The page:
City leaders present $3.36M deal for sale of part of Exit 8 property for solar farm

CLARKSVILLE, TN (CLARKSVILLE NOW) – Clarksville’s Finance and Budget Committee discussed Monday plans to sell a portion of land at Exit 8 to solar energy provider Silicon Ranch for a 15-megawatt facility.

City Mayor Joe Pitts and CDE Lightband General Manager Brian Taylor said the plan would give the Nashville-based Silicon Ranch a three-year option to purchase 140.2 acres from the city for #3,360,000 for the construction of a 15-megawatt solar farm which would sell electricity to CDE at half the price of TVA.

A map depicting property owned by the city of Clarksville near Exit 8, including a portion being considered for sale to Silicon Ranch for the construction of a solar facility (City of Clarksville)

The city originally purchased 347.5 acres near Exit 8 in 2018 for $4,083,000 to build a new athletic complex. City attorney Lance Baker noted at the meeting that the sale would allow the city to recoup four fifths of their initial expense while only losing land that would be of minimal use.

The sale is not expected to greatly affect the construction of the Exit 8 Athletic Complex. According to the mayor, the property being considered for sale is heavily inclined and unsuitable for anything more than “meandering walking paths.”

The city would also maintain an access route to the Red River, which runs along the border of the property.

A map depicting property owned by the city of Clarksville near Exit 8, including a portion being considered for sale to Silicon Ranch for the construction of a solar facility (City of Clarksville)

Power at half the price

According to Taylor, the proposed solar facility would have the capacity to generate an average 15 megawatts of power, which could power the equivalent of 1,863 households. He said that power bought from Silicon Ranch would cost half of what it costs to buy power from TVA.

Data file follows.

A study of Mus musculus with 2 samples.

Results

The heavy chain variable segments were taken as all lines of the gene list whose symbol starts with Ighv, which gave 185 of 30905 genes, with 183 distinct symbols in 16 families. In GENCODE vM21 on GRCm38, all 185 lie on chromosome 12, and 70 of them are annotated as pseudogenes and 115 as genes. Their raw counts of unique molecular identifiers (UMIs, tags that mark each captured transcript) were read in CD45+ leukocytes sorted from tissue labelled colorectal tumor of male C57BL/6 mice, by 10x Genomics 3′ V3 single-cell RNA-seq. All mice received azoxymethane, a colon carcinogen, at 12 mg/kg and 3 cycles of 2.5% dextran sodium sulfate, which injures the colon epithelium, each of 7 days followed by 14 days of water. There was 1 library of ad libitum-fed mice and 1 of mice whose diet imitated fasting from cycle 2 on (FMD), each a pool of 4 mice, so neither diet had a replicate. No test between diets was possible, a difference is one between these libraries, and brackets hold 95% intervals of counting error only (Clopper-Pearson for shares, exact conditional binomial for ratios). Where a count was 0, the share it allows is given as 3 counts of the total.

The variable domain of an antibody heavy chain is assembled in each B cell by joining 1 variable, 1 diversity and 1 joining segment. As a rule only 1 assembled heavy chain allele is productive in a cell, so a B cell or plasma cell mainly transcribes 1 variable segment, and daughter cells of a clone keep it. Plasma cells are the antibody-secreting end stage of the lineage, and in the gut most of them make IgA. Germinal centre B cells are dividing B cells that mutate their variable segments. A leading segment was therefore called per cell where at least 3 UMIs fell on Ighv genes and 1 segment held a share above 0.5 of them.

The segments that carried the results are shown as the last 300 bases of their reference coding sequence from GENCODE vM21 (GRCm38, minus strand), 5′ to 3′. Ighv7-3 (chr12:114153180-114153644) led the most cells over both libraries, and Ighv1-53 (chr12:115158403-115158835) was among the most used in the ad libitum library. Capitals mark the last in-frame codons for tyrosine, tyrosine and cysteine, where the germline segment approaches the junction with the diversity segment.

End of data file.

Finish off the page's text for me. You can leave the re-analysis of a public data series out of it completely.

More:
Money saved though the deal with Silicon Ranch is unlikely to show up on customer’s bills, according to Taylor. The reduced cost will most likely be used by CDE for infrastructure improvement, and to push back future rate increases.

Taylor also noted that the solar facility would not have a battery component, but instead connect directly to a CDE substation for use.

A step toward a green Clarksville

Pitts noted in his comments that a partnership with Silicon Ranch would be a clear statement that, as a city, Clarksville supports sustainability

“It not only meets some of the goals that we have, but it broadcasts to the world that we are in the business of buying our own power, or buying through a green source” Pitts said.

Taylor said that the deal shows that CDE is a “a leader in consumables.”

Since CDE is authorized by TVA to acquire up to 22.4 megawatts of solar power, Clarksville’s power utility would still have capacity to add up to 7.4 megawatts of renewable energy from other projects.